With social distancing and online ticketing, Erie County Fair adjusts to Covid norms


The Erie County Fair Midway in 2016.

Plan for online-only ticketing, wider aisles and displays and vendors that may be in different places at the Erie County Fair, as the fair adjusts to the pandemic this year.

But the annual tradition – except for last year when it was canceled because of Covid-19 – will still feature plenty of food, animals and entertainment, including the James E. Strates Shows midway.

Erie County Fair CEO reveals what to expect in regard to admission to the fair.

"I would encourage people, if you’re used to seeing a certain thing at a certain spot, look around. It's probably still here, it's just moved," fair manager Jessica Underberg said a press conference Wednesday.

The fate of the 181st Erie County Fair was uncertain until the Erie County Agricultural Society got the go-ahead in mid-May for a limited capacity fair that would have allowed about 60,000 visitors a day. In mid-June, social distancing and masking restrictions were lifted, and organizers began to plan for a more normal experience with no restrictions on the number of people on the fairgrounds.

Before it was canceled, Aug. 12, 2020, was to be the first day of the Erie County Fair. Take a look at past fair memories and what those places look like today.

The latest concerns raised because of the spread of the more contagious Delta variant of Covid-19 are more of the same for organizers.  

"We have dealt with challenges in the last 85 days since we were given the go-ahead on May 17," Underberg said. "It has continually changed every day. Every minute of every day, something is different, changing, looking different than what we have dealt with in the past."

If conditions with the pandemic change, the fair will follow whatever regulations are in place, she said.

"At some point, the train is leaving the station on certain things. Putting together an event like this does not just happen overnight," Underberg said.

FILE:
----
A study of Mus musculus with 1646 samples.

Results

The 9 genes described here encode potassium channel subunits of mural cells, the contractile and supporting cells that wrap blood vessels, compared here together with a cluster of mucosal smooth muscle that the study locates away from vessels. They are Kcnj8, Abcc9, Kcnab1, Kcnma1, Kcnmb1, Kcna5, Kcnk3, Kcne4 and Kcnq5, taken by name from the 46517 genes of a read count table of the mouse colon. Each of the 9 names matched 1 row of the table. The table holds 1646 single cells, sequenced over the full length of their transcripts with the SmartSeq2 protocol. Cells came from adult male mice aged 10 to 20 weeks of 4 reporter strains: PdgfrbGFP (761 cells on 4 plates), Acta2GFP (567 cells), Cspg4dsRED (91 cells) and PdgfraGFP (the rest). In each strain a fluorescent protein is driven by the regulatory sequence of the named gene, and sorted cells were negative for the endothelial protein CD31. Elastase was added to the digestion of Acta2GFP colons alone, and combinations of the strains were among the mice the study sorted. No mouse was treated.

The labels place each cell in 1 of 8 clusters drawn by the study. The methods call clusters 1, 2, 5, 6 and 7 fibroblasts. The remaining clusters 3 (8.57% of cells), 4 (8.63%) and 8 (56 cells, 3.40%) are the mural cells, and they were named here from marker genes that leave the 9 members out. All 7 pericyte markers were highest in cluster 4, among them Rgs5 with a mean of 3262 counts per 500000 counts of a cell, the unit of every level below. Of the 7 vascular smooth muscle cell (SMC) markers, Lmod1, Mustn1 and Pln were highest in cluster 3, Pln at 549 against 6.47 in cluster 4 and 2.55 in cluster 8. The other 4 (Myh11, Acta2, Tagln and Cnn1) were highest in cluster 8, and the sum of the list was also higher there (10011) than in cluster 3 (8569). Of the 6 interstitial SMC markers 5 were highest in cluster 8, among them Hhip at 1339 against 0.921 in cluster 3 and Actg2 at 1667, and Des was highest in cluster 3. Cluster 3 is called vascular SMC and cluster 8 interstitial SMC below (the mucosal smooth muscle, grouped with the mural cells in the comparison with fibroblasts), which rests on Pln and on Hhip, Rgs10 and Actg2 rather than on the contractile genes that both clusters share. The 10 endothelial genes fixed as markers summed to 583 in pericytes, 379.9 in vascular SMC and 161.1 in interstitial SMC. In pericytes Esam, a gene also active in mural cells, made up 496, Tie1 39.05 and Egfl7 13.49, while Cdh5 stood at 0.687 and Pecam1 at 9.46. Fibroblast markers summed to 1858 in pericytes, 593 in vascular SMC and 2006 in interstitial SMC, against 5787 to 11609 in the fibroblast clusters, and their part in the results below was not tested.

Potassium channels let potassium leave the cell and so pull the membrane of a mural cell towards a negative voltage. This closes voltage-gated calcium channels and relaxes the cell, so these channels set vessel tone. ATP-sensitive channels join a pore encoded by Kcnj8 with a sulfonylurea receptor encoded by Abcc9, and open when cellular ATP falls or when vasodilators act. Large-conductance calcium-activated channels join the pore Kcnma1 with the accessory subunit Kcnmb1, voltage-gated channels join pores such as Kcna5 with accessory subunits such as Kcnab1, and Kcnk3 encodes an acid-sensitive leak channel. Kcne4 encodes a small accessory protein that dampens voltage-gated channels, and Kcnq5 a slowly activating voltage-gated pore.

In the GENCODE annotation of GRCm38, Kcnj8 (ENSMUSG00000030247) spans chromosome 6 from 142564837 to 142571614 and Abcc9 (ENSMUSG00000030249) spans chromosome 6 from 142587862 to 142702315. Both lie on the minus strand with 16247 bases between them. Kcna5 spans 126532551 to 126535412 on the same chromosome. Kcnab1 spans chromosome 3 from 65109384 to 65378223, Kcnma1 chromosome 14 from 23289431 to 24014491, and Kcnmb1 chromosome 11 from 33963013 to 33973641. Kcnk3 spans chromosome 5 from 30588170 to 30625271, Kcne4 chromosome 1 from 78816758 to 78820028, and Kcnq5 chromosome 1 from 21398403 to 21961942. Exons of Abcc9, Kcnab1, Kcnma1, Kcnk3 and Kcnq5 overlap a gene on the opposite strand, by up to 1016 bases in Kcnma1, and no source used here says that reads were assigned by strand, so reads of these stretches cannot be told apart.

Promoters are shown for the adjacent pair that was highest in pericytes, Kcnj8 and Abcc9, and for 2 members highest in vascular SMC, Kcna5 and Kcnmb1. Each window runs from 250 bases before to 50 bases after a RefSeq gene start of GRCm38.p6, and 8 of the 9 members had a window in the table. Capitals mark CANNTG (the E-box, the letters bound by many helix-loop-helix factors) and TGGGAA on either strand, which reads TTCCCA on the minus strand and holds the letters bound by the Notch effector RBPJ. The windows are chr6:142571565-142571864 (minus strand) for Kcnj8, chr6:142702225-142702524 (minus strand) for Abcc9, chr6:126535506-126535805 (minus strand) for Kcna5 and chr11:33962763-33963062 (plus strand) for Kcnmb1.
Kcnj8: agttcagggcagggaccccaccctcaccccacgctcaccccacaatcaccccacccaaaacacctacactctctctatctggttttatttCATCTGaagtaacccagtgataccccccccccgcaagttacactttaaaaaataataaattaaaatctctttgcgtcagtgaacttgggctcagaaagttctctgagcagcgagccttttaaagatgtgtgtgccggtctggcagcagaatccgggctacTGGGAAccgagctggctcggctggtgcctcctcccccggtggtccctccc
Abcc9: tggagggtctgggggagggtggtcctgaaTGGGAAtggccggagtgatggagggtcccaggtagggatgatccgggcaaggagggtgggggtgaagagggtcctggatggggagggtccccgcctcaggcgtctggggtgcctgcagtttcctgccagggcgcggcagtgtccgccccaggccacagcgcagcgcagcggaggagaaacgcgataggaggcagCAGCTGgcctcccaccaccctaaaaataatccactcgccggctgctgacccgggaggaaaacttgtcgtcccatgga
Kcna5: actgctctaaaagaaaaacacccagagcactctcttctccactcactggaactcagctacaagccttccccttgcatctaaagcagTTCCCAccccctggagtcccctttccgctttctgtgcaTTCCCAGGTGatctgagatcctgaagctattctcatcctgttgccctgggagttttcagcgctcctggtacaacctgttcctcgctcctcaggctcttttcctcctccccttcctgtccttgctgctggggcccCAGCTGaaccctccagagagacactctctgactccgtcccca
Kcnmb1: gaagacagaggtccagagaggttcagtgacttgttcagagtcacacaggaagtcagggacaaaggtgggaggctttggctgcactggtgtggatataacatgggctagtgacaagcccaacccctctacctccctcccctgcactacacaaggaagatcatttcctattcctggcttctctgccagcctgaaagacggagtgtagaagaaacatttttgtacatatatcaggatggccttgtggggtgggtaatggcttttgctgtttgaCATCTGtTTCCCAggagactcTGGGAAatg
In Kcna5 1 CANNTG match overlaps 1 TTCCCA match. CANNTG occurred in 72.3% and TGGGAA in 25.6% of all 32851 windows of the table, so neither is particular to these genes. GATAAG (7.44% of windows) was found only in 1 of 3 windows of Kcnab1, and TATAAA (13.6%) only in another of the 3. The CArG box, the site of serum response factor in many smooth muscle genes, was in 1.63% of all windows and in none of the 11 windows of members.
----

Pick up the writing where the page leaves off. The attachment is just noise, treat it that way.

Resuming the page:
Erie County Fair CEO Jessica Underberg discusses the return of a fair favorite.

Because of the original capacity restrictions, tickets are only being sold online and will not be available at the gate, but they may be purchased online at www.ECFair.org in advance and throughout the 12 days of the fair, which takes place from Aug. 11 to 22. The fair is using Tickets.com as a vendor and those seeking to attend will be directed there through a link on the fair's website. During the purchasing process, users will be asked whether they wish to print out their tickets in advance or be granted digital access through a free Tickets.com user account. Tickets.com accepts payment with a credit card, Apple Pay or Google Pay.

Tickets to events in the Gusto Grandstand are also only being sold online via the same method. They include admission to the fair on the day of the event.

Admission is $13.50 per person, and tickets are valid for any day of the fair. Children 12 and under are free, but they also need an online ticket. Parking is included in the cost. 

"I can't wait to see people's smiles coming through the gate," Underberg said. "It's Western New York's biggest event, and it’s the fabric of our community. There’s a piece of the fair for everyone."